Government trying to structure a £100m Flybe rescue package


The business and transport secretaries are holding talks today with Chancellor Sajid Javid about backing a rescue deal for Flybe that would defer a £100m tax payment until 2023.

Sky News has learnt that Andrea Leadsom and Grant Shapps will meet Mr Javid to discuss the proposed terms of a bailout of one of Britain’s largest regional airlines.

Insiders said that the government had informed Flybe’s three shareholders that they would be required to inject “tens of millions of pounds” in fresh equity into the company as a condition of any deal.

Under the proposals, Flybe, which carries eight million passengers annually, would be allowed to defer this year’s estimated air passenger duty (APD) bill of £106m for three years.

Such a move would provide Flybe with the working capital it requires to survive the tough winter months and implement a turnaround plan drawn up last year when the airline was bought by a Virgin Atlantic-led consortium.

The business and transport secretaries were said  to be “broadly willing” to support a deal with Flybe’s shareholders.

The provisional backing of Ms Leadsom and Mr Shapps for a support package suggests that the threat of insolvency for Flybe may be receding.

However, people close to the process warned on Monday night that there was considerable urgency surrounding the talks between the owners of Connect Airways, Flybe’s parent, and the government.

One said: “There is no guarantee that the company will be saved.

“The survival prospects have improved but it’s not out of the danger zone.”

A decision is expected to be taken about deferring Flybe’s APD liability during the course of Tuesday.

Whitehall sources say they are confident that such a move would not breach EU state aid rules or UK tax law, and that the primary consideration is an assessment of whether the company will ultimately repay the APD it owes.

Virgin Atlantic, Stobart Group and Cyrus Capital Partners, which collectively took control of Flybe’s assets last March, are understood to have resolved in principle to commit the capital being sought by the government as a condition of a rescue deal.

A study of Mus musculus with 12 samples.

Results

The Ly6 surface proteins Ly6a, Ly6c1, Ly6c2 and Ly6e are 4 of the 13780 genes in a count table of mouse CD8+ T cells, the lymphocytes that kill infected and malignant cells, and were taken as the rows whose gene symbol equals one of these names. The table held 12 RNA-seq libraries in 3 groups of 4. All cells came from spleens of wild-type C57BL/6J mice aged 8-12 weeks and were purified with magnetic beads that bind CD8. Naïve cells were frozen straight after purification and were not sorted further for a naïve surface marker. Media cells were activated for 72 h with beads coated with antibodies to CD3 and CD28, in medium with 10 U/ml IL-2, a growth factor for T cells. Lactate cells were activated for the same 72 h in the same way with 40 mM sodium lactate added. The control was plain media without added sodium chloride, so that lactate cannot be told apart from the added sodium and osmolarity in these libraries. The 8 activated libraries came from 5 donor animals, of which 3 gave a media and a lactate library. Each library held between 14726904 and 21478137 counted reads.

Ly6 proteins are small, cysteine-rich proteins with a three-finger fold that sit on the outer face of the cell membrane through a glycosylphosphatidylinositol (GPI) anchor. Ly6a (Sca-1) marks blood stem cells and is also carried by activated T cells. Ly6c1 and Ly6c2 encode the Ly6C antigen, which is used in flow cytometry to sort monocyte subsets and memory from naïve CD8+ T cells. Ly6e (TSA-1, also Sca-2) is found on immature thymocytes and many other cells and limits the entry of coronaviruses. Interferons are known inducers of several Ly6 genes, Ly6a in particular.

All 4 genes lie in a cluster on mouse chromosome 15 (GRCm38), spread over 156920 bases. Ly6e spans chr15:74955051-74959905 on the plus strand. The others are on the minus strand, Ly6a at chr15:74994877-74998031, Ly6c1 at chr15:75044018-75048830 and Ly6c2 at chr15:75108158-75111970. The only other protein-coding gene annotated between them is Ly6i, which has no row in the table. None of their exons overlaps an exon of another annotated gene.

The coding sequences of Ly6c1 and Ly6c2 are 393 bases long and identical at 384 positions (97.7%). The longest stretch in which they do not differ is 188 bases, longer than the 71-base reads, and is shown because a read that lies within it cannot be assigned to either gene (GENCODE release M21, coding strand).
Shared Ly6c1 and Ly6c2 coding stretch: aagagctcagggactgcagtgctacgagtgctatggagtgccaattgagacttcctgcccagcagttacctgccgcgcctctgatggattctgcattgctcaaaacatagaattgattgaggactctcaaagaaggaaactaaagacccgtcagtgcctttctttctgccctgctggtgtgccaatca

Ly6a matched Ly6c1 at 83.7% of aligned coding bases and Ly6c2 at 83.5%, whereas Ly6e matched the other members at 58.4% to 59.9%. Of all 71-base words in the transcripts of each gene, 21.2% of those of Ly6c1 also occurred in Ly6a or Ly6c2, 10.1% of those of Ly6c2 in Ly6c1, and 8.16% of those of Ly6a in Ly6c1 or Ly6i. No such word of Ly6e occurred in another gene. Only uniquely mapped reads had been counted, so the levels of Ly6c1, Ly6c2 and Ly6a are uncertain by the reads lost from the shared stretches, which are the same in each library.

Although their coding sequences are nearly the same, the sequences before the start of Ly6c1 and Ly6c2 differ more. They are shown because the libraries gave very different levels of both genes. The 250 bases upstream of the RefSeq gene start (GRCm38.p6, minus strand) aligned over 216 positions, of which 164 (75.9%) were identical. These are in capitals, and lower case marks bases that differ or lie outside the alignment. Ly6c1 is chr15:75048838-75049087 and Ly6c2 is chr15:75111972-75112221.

If an agreement turns out to be impossible, it would imperil the future of one of the UK’s most important airlines and threaten more than 2,000 jobs.

EY, the accountancy firm, has been placed on standby to act as administrator to Flybe.

Sources said that Flybe’s losses had escalated in the 10 months since it was delisted from the London stock market and acquired by a consortium comprising Sir Richard Branson’s Virgin Atlantic, Stobart and Cyrus.

Credit card companies’ decision to retain more of the money paid by passengers for Flybe flights has exacerbated a cashflow squeeze at the Exeter-based company, they added.

Flybe’s former chief executive Christine Ourmieres-Widener complained about the impact of APD on the airline shortly before she left last year.

“We think APD is definitely not supporting the growth of regional connectivity,” she said.

“Without APD we could grow more in the UK.”

The trade body for airlines has dubbed APD as “nothing but a tax on Global Britain”.

If Flybe is unable to stitch together a rescue deal, it would be the second major airline collapse in four months, following Thomas Cook Group’s implosion last September.

Monarch, another big carrier, collapsed two years earlier.

A decision to support Flybe, albeit indirectly, might prompt awkward questions to ministers about why the government was not prepared to prop up companies with larger workforces and passenger numbers.

Flybe operates about 75 aircraft and serves more than 80 airports across the UK and Europe.

In Britain, it has a significant presence at 25 airports including Belfast, Birmingham, Manchester and Southampton.

The consortium which took control of Flybe’s assets last year pledged to pump £100m into Flybe’s turnaround plan, with the airline due to be rebranded as Virgin Connect this year.

The regional airline had come close to outright collapse a year ago amid an acrimonious takeover battle that left shareholders fuming that their equity had been left almost worthless.

That came just months after Flybe’s board had rejected a 40p-a-share takeover bid.

The airline said: “Flybe continues to provide great service and connectivity for our customers while ensuring they can continue to travel as planned.

“We don’t comment on rumour or speculation.”

A government spokesperson said: “We do not comment on speculation or the financial affairs of private companies.”